Sen. Tony Avella displays pictures taken by residents documenting quality-of-life violations at the Super Halal Meat Fruits & Vegetables market. Photo by Howard Koplowitz
TimesLedger Newspapers

State Sen. Tony Avella (D-Bayside) and Bellerose civic leaders called on a halal market on Hillside Avenue with more than $25,000 in violations to clear up the penalties or get out of the neighborhood.

While the owner of Super Halal Meat Fruits & Vegetables Inc., at 253-06 Hillside Ave., acknowledged the violations, he claimed the community was discriminating against him and harassing his business, alleging that a man pulled a gun on one of his cashiers Monday night.

Avella said the market has only been in business for a little over a year, yet it has racked up more than $25,000 in violations for unsanitary conditions and other penalties.

The senator said meetings were held with the management of the market, yet the business has done nothing to rectify the violations.

“It continues to be a quality-of-life nightmare,” Avella said, noting an area resident took photos of meat being delivered to the market on the bed of a pickup truck. “Enough of the lies, enough of the phony commitments. Shut this place down.”

City Councilman Mark Weprin (D-Oakland Gardens), who first pointed out the violations, called on the market to be a good neighbor.

“We always welcome new businesses to our community,” Weprin said. “At the same time, the owners of this supermarket must respect the law.”

Avella said the commissioner of the state Department of Agriculture and Markets told him in August the agency had inspected the market twice and it failed both times. Halal food conforms to Muslim dietary laws.

The agency is giving the market 60 days to clean up all the violations or it will take steps to remove its license to operate.

Avella said that since the photos were taken, the market has been taking in deliveries at night — when it is harder to take photographs and a time when the state is not doing inspections.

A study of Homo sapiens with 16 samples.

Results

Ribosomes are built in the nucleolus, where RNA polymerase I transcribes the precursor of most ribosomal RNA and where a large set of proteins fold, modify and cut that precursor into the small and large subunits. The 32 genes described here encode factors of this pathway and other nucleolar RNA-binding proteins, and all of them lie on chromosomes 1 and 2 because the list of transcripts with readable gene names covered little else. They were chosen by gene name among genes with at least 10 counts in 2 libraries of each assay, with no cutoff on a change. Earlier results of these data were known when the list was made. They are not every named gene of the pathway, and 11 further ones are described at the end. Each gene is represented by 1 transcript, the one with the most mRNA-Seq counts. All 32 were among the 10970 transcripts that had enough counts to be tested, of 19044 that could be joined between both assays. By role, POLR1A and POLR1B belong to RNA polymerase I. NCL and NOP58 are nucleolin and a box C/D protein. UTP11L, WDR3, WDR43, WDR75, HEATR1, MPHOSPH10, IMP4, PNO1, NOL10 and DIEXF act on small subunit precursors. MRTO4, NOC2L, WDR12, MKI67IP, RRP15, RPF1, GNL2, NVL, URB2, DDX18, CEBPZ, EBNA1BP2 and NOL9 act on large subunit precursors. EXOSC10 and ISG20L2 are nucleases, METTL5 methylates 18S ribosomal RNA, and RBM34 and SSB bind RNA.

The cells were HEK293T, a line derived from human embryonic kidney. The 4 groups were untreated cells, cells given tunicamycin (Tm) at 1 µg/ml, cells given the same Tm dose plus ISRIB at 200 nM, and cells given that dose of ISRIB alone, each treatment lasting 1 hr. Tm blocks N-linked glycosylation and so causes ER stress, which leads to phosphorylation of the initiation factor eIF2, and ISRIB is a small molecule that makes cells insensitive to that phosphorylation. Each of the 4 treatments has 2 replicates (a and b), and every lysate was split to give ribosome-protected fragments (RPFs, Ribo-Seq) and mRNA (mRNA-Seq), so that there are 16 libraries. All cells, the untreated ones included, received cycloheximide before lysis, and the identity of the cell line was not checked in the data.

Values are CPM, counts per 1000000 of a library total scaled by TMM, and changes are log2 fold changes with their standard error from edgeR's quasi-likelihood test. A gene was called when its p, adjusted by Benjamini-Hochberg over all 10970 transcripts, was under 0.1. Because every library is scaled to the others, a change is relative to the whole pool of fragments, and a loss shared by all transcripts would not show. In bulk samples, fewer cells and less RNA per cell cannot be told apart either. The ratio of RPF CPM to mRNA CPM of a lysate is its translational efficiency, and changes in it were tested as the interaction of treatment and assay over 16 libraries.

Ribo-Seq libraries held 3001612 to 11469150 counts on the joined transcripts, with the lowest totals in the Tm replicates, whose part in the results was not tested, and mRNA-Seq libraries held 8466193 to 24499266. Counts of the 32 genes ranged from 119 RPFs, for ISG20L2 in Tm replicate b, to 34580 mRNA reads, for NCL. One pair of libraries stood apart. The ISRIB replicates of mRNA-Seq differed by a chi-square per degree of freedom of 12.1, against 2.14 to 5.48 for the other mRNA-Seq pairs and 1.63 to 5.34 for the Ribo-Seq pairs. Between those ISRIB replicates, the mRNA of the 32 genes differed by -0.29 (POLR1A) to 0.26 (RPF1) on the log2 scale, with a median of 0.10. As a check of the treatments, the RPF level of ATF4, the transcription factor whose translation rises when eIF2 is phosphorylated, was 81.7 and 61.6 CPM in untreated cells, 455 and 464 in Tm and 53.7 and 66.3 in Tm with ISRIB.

“The owner clearly knows how to manipulate the system,” the senator said. “How much longer should this go on? It’s incredible that we have this type of situation.”

Sheraz Khan, owner of the halal market, said the business plans on clearing up the violations and does not expect it to be shut down.

“We have the violations and we’re taking care of them. It’s not like we’re ignoring them,” he said.

Khan claimed the business has been subject to discrimination by what he claims are white residents who resent Bellerose’s growing South Asian population.

“We’re being harassed here every day,” he said. “I had a guy pull out a gun on one of my workers.”

Detective Jovoda Cooper of the 105th Precinct referred questions about the incident to the Police Department’s public information arm, which did not comment.

Khan claimed three people on the block where the market is located are harassing store employees.

“I feel this is all racism,” he said. “I’m a minority just doing the right thing. I feel it’s because my skin color’s a little bit darker and my business has ‘halal’ in it. If this were a Stop & Shop or a Key Food and I was Italian,” things would be different.

But a man who lived on the block said that was not the case.

“It’s not racism. It’s a quality-of-life issue that has gone out of control,” he said. “I have nothing against these people, except for the way they’re operating the store.”

Bruno Defrancecschi, president of the North Bellerose Civic Association, agreed.

“How can you call it racist if you’re complaining about something that someone’s doing wrong?” he asked.

Khan said it cost him $1 million to build the store and presented the community with an offer.

“They give us a million dollars, we’ll leave,” he said.

Reach reporter Howard Koplowitz by e-mail at hkoplowitz@cnglocal.com or by phone at 718-260-4573.